UW-Madison recently released the 2017-18 Budget in Brief, a publication designed to help people, including legislators and other government officials, better understand the university’s budget. PROFS encourages faculty and other university stakeholder to take a look and become more familiar with UW-Madison budget details.
PROFS hosted a public forum on the state budget on Thursday, March 16. PROFS President Judith Burstyn moderated. State Representative Jim Steineke (R-Kaukauna), Assistant Vice Chancellor for Government Relations and Strategic Partnerships Ben Miller, and PROFS Legislative Representative Jack O’Meara were panelists.
For the first time since 1972, UW-Madison does not rank in the top five in research expenditures as ranked by the National Science Foundation. UW-Madison dropped from fourth to sixth this year, with $1.07 billion in research spending in 2015.
Johns Hopkins University continues to lead in research funding ($2.31 billion), followed by the University of Michigan ($1.37 billion), the University of Washington ($1.18 billion), the University of California-San Francisco ($1.13 billion), and the University of California-San Diego ($1.1 billion). Among the top 30 universities, Wisconsin led among the four that experienced a drop in spending, with a 3.6 percent reduction.
UW-Madison Vice Chancellor for Research and Graduate Education Marsha Mailick noted the impact of disinvestment by the state:
“We are extremely proud of our faculty, staff and students but if Wisconsin is to remain at the pinnacle of American research universities, the state will need to reinvest to be sure we have the faculty positions and conditions necessary to attract and retain the best researchers.”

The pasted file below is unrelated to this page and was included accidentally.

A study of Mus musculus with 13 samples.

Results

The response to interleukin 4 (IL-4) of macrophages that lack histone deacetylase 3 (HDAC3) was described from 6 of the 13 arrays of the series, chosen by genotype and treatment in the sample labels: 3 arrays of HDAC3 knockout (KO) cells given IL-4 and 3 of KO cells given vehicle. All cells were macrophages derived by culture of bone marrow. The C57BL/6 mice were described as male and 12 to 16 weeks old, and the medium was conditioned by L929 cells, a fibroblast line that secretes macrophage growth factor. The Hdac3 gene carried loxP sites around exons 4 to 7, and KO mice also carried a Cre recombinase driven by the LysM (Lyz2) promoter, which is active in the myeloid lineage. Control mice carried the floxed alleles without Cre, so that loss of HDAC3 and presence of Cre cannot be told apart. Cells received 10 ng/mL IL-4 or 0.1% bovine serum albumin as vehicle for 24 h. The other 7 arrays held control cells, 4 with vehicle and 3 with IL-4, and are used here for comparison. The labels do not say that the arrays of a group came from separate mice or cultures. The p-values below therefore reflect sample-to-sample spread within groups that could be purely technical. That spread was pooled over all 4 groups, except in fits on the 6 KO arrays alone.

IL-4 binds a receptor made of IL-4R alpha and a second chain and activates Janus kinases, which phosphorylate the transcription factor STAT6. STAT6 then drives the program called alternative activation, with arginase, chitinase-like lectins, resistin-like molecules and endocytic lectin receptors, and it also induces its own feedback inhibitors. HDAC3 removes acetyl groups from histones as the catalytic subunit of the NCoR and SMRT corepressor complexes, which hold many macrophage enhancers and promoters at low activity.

UW-Madison hosted a campus forum on the state budget and its impact on the university on September 14. The discussion covered the university’s budget landscape and how it has changed over time, the impact of budget cuts, the UW System 2017-19 budget request, and how alumni and friends of the university are being engaged.
Chancellor Rebecca Blank, UW System Board of Regents President Regina Millner, Vice Chancellor for Finance and Administration Laurent Heller, and Vice Chancellor for University Relations Charles Hoslet were panelists.
These slides were used during the forum:
Speaking in his weekly radio address, Governor Scott Walker reiterated his intention to freeze UW System tuition for two more years and said he will tie any increases for UW System in the 2017-19 state budget to performance measures such as number of graduates and graduate employment rates.
A transcript of the address is here.
Governor Scott Walker spoke about UW System and recent faculty no confidence votes with Jay Weber on WISN radio yesterday.
The pair touched on several subjects, including tenure (“jobs for life”), the possibility of extending the tuition freeze into the next biennium, shared governance and giving more power to the chancellors, strengthening free speech on campus, and “superstar” faculty members who bring in large amounts of research funding.
The Wisconsin Technology Council, an independent, non-profit board of leaders in business, technology, education and investments, released a report (below) examining the role of public support in higher education in the state. Their conclusion?
“Further cuts in public support for higher education in Wisconsin will harm the state’s economy, which relies on colleges and universities for talent, technology transfer and business development in the communities those institutions serve.”